Learning the Ins and Outs of Signal Integrity
Going through several prototype iterations to test and optimize a design has become the rule rather than the exception. It makes sense — it’s often hard to foresee design challenges and dependencies that could cause issues, components are not ideal and introduce parasitics and unwanted coupling, and simulation only goes so far. But could designers get a little bit closer to getting things right the first time?
Improving signal integrity (SI) and reducing electromagnetic interference (EMI) are top priorities for designers to help ensure proper operation when signals reach their load. Most SI concerns come into play at high speeds, when wavelengths and rise times decrease. Impedance matching, signal loss, and the choice of dielectrics are all critical factors that designers need to consider to ensure strong SI, and the proper way to layout a board will differ depending on whether it’s a digital, analog, RF or microwave PCB.
This is why Lee Ritchey, a leading expert on signal integrity with over 30 years of experience, has written two books on the topic, including his most recent Right the First Time, which explains the many ways that noise and distortion is introduced within a circuit, and best practices for ensuring strong signal quality. (There’s a great review of his book by Kenneth Wyatt over on EDN.)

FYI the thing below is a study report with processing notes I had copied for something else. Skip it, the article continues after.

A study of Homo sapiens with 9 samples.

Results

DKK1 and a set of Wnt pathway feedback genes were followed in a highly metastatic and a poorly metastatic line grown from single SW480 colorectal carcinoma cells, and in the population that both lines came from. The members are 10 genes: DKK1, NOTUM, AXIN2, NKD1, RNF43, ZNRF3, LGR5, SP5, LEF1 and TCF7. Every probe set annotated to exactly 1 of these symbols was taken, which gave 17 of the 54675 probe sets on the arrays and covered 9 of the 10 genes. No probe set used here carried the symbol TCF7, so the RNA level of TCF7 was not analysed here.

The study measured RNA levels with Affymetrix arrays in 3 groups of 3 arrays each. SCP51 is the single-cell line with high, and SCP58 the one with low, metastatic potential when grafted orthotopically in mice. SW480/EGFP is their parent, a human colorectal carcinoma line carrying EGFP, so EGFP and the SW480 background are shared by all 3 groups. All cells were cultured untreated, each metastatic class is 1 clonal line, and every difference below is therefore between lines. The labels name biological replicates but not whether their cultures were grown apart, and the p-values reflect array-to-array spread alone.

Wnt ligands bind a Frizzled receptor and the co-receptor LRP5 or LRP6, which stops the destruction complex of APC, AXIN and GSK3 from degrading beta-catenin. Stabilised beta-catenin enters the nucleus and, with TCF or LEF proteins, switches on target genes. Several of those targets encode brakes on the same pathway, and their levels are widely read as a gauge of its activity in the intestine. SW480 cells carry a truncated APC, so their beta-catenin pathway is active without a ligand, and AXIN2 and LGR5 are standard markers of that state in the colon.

Ritchey will be teaching a course this May in Stockholm during the second Nordic SI Week 2014 that will go through theoretical and hands-on approaches to high-speed design. The first three days will cover topics like design in the mutigigabit range, failures from cross talk and reflections, EMI failures, time delays in PCB traces, and how power design and IC packages can affect failures.
The fourth day, EE-Training’s CEO Rolf Ostegaard will be teaching a course on simulation with hands-on lab exercises and demonstrations. Ostegaard has been specializing in signal integrity and high speed digital electronics since 2004, and has been designing electronics for over 25 years.
The final day of the week is devoted to the design of PCB stackups, which is critical to reducing cost and increasing reliability. Ritchey will go through trade-offs, like cost and manufacturability, and industry standards.
Ritchey is known for debunking rules of thumb for standard PCB design using actual measurements, as documented in his book. His focus is on showing designers how to build modern high speed PCBs that can carry “crazy fast signals” but at the same time avoiding needing to incorporate expensive high-density (HDI) techniques that can be difficult to get manufactured efficiently.
The course takes place in Stockholm, Sweden between May 5th and 9th, 2014. To find out more, visit EE-Training. Ritchey will also be teaching in Australia in March and April.